There Goes the Sun

Here comes the sun, here comes the sun, And I say it's all right. George Harrison

A week ago, on Monday, August 21st, the eclipse in Portland (Oregon) began round 9:45. It started to get dark.  Then it became darker and darker over the next half hour.  But never totally, not like the middle of the night.  And then it grew lighter and lighter so that by 10:45 it was back to normal sunlight.

The State was mobbed. People from around the world made their way to Oregon. The traffic was terrible. The population in the town of Madras in central Oregon must have increased six-fold.  The TV made it into a media event.  For some it was almost a religious experience.  Then it was over.  But they are still talking about it.

It is not difficult to understand why some cultures worshiped the sun. In a way, I worship the sun, the summer sun, the months of light and warmth. And when sun disappears here during the long and dreary winter, I turn into a lapsed sun worshiper.

In ancient Egypt, the sun god Re was the dominant figure among the gods. Sun worship in one form or another also occurred in medieval cultures and during the later periods of Roman history. I am also aware of solar cults among the Plains Indians in North America and ancient civilizations in Mexico and Peru.

In “Ode to the Sun,” a short section in his Autumn, Karl Knausgaard writes, “Every single day since I was born the sun has been there, but somehow, I’ve never quite got used to it, perhaps because it is so unlike everything else we know.”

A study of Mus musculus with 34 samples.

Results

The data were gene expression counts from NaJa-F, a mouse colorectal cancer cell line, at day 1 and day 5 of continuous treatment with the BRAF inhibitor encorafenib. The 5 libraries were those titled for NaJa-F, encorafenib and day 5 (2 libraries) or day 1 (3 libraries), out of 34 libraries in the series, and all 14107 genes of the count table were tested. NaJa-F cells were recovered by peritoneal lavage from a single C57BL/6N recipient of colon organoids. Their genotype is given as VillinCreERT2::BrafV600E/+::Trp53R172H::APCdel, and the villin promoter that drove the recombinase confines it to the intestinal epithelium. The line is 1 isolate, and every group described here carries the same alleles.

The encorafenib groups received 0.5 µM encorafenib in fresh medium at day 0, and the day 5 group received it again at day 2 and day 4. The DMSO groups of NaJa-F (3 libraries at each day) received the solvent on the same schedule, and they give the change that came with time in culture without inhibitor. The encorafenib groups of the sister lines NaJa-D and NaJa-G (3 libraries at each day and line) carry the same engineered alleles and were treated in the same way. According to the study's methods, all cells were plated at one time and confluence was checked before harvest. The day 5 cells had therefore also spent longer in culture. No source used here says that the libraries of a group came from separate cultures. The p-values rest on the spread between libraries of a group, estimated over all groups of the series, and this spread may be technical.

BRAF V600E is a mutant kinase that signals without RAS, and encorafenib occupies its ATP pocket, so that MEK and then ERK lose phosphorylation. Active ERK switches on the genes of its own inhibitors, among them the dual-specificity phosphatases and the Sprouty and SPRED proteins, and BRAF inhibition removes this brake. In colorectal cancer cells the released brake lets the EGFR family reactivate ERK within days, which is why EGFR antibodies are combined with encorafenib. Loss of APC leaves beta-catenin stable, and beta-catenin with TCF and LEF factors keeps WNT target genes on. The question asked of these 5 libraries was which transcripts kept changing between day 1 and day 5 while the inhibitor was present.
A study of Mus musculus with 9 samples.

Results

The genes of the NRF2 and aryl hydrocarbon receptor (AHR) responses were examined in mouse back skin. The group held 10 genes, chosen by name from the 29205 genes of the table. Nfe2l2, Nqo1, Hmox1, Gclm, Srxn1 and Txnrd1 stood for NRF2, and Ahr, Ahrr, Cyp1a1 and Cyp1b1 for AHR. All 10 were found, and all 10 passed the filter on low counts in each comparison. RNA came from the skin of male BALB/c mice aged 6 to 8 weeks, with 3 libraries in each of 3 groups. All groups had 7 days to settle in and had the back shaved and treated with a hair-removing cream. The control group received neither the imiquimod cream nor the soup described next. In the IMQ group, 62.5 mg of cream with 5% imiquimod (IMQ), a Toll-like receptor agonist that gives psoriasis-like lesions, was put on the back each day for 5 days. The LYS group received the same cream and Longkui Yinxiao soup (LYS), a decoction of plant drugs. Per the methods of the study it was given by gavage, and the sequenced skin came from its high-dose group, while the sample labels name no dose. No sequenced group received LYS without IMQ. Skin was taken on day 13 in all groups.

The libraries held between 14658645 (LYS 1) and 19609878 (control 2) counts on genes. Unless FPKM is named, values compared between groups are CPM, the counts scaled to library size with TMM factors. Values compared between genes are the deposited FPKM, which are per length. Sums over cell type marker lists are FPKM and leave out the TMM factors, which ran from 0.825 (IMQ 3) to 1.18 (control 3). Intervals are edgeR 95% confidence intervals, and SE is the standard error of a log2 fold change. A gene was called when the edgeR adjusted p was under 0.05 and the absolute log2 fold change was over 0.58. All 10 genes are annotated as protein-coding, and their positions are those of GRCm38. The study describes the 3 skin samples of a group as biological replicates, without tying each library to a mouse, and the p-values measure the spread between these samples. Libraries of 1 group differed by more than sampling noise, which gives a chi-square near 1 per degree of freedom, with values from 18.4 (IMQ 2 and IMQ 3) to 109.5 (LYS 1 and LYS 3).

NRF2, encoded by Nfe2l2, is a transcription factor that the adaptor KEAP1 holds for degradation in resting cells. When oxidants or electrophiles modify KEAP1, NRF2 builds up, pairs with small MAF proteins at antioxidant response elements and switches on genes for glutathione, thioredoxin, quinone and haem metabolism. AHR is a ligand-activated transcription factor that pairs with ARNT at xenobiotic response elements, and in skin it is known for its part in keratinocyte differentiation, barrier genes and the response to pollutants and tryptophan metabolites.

He goes on to point out that we cannot get close to it, any effort to do so would be obliterated. And as we were reminded over and over again, we will ruin our eyes if we try to look directly at the sun.

We take the sun for granted, like fresh water, the food on our plates and electricity. It’s important to be reminded of this from time to time. Be grateful for it as a sun worshiper is. Without it would there would be no life.

Knausgaard concludes his Ode this way, “When we eat dinner outside, beneath the apple tree, the air is full of children’s voices, the clatter of cutlery, the rustle of leaves in the mild breeze, and no one notices that the sun is hanging right above the roof of the guest house, no longer blazing yellow but orange, burning silently.”

I was raised in the land of sun, but have spent most of my life in the land of clouds and rain. I miss the sun most of the year. And that is why I traveled to Hawaii, whenever I could.

But those days are over now and I will have to learn how to accept living in the far Northwest of this land. It won’t be easy, as it is mostly sunny on average only 68 days of the year and partly sunny on average another 74 days of the year. Partly sunny days have cloud covering from 40% to 70% of the sky during the daytime. The rest of the days are mainly overcast, with at least 80% cloud cover.

As a friend of mine always says, “It is what it is.” The latest philosophy of life.